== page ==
Mewis: The bite behind No. 1 W-H

WHITMAN, Mass. – If you’re rolling down the Interstate and pass a school bus with Cali Swag District’s “Teach Me How to Dougie” blaring out the windows, it’s probably Samantha Mewis and her Whitman-Hanson soccer teammates jamming on the way back from another victory.

The No. 1-ranked Panthers have yet to hit a hiccup along the way — outside of Saturday’s 1-1 tie against Weymouth — and remain unbeaten. Expectations are high, particularly with W-H coming off last year’s Division I South title season. However, the Panthers fell short of their goal in 2009, dropping a double-overtime heartbreaker to Acton-Boxborough in the state semifinals.

For Mewis, the state’s most decorated player, there remains just one goal she has yet to reach in her high school career — a state championship.

“We’re a different team from last year,” said Mewis, who has tallied 20 goals through 13 matches. “We were such a close team at the end of last year, but that forms over time, all those bus rides to road games.”

That’s where the music mix comes in.

The playlist may change, but one thing does not and that is Mewis’ ability to take over a match.

“She’s played the game at about as high a level as you can at this age,” Panthers head coach David Floeck said of Mewis. “But I think her greatest attribute is how much better she makes everybody around her. And that’s the mark of a great player — the ability to raise the level of play of everybody around you — and she certainly has done that.

“She calms everybody down. She’s been through those types of games before. That’s certainly a good thing for us.”

Mewis was named Massachusetts Gatorade Player of the Year last year as a junior, after a seeing little action as a sophomore. That’s because the Hanson native was away for most of the season with U.S. Women’s National team commitments. And she’s logged plenty of caps and passport stamps with its various programs.

Her first brush with the big time came in 2006, when she was invited to the U-14 Girls’ I.D. camp. That parlayed into time with the U-15 squad and so on. In 2008, she was one of three players born in 1992 to make the FIFA U-17 Women’s World Cup roster. Besides having the opportunity to play the world’s best in New Zealand, Mewis joined her older sister, Kristie, in becoming the first sister duo suit up for the Yanks at a Women’s World Cup.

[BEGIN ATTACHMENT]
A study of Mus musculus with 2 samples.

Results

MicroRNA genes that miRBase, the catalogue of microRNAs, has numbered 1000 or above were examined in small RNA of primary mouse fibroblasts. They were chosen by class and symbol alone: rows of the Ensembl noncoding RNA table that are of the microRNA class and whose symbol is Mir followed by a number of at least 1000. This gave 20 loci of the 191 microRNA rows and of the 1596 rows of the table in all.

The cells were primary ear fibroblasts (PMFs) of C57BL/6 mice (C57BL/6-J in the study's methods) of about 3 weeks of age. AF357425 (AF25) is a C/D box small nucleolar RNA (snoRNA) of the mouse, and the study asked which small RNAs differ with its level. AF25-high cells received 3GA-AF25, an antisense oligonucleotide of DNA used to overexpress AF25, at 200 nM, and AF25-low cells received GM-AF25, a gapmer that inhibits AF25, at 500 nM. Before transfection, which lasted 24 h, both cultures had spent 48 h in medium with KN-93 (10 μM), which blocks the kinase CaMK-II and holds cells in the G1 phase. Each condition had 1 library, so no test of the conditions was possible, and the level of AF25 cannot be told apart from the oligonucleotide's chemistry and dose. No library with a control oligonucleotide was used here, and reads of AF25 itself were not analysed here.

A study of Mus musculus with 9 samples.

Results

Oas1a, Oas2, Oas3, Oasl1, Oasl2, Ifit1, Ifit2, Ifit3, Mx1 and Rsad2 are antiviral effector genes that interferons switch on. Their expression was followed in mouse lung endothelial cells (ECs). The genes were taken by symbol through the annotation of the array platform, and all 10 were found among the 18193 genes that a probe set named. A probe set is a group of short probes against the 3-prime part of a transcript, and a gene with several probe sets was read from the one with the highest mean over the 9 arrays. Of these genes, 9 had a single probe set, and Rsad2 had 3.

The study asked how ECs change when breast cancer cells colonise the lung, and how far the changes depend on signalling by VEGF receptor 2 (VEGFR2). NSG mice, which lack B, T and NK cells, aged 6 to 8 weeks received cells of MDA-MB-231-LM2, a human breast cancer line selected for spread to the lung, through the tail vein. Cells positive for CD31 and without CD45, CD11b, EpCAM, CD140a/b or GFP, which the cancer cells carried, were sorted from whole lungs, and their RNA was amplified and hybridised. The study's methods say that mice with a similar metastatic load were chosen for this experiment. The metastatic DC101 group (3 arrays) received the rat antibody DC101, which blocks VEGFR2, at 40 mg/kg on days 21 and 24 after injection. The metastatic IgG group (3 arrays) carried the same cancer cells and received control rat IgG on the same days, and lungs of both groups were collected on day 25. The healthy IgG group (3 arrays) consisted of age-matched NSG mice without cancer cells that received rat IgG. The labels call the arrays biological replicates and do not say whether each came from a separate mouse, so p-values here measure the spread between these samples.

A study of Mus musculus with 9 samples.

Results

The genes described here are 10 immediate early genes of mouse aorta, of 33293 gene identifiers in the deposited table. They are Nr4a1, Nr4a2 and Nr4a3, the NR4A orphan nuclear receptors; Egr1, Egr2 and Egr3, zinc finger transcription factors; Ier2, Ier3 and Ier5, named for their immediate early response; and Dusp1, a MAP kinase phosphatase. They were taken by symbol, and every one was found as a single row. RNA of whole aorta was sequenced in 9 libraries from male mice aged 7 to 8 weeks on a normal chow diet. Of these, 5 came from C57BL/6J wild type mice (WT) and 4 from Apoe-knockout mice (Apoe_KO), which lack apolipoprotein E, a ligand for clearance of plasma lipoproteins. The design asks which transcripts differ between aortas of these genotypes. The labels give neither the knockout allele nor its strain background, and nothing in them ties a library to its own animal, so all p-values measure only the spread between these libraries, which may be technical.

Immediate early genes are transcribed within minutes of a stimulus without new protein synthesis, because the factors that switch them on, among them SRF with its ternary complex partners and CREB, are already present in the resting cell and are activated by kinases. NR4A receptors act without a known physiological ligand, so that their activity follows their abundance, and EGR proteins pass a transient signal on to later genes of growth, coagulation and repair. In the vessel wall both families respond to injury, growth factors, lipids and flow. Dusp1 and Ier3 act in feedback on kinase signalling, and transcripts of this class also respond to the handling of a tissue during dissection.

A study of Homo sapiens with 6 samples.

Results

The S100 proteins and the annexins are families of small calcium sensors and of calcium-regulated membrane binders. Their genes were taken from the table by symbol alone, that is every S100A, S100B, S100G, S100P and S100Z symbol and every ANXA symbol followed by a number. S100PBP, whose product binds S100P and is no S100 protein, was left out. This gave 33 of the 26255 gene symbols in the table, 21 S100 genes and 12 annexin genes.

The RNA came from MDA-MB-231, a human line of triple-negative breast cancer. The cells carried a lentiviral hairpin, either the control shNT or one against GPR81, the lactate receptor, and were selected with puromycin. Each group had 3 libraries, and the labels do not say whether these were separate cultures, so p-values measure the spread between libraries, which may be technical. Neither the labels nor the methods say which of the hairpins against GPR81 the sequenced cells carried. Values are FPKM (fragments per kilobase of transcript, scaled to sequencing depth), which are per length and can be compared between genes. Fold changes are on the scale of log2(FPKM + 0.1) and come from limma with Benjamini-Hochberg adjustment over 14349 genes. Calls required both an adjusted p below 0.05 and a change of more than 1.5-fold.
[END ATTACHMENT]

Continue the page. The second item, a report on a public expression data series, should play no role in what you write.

“So many girls would get homesick on the trip,” Samantha said, “but there was always a piece of home there with me.”

Most recently, Mewis joined the U-20 National team, which captured the CONCACAF Women’s Championships in Guatemala, earning the U.S. a berth in the 2010 U-20 World Cup in Germany.

During the last four years or so, she’s traveled to Brazil, Spain and Trinidad and Tobago, among others. From those trips, she’s taken with her a carousel of memories: Children playing soccer with no shoes on in the streets of Rio de Janeiro, or the sightseeing trip to the “glowworm” caves of New Zealand, where the bioluminescent Arachnocampa’s put on a natural laser light display.

Her National team experience also yielded a relationship with U-20 head coach Jill Ellis, who will continue as Mewis’ coach when she arrives at UCLA next fall.

Mewis considered Florida State and Virginia before giving her verbal commitment to the Bruins, but she knew it was a natural fit from the start.

“I loved the people and the campus. I didn’t want to go to a school and a team that plays kick and run. I wanted to play with a more possession-oriented team because I think that’s more my style. It’s a good fit.”

Kristie, who already has compiled 25 points through 14 matches in her sophomore season at Boston College, thinks Samantha’s game will translate well to the next level.

“We do play a little different in styles,” the elder Mewis said. “I’ve always been more attack-oriented, but she’s a good ball-winner and plays well on the possession side. I think she could make a really good defensive center mid in college.”

Her sister is among the key elements to which Samantha credits to her development as a young player. There was her father Bob’s tutelage in her town league games as a child and the guiding hands of Fred Marks with the Scorpions Soccer Club and Floeck at W-H.

Of course, her time with the National development teams has only pushed her harder. And Kristie’s always been there along the way.

“We’re really competitive,” Samantha said. “She’s definitely hard on me. We fight some, but I’ve learned that she’s only tougher on me because she wants me to be better. She’s taught me never to take it for granted that you have the opportunity to play soccer.

“From getting the chance to play internationally, my development has obviously improved a lot. But playing at home has helped me get to the National team. That’s been just as important playing international.”

Mewis’ contributions to the Panthers go without question, but it is what she brings to the game intellectually that her coach will miss most.

“A lot of the times, she’s like having another coach out on the field,” Floeck said. “That’s valuable.”

Meanwhile, Mewis said those long bus rides to road matches, with the bass thumping and laughter all the way, those will be the things she misses most.

Is she embarrassed by their song selection? Hardly anybody will remember how to do the Dougie beyond 2011, right?

“No, not at all. That’s our jam. You can print that.”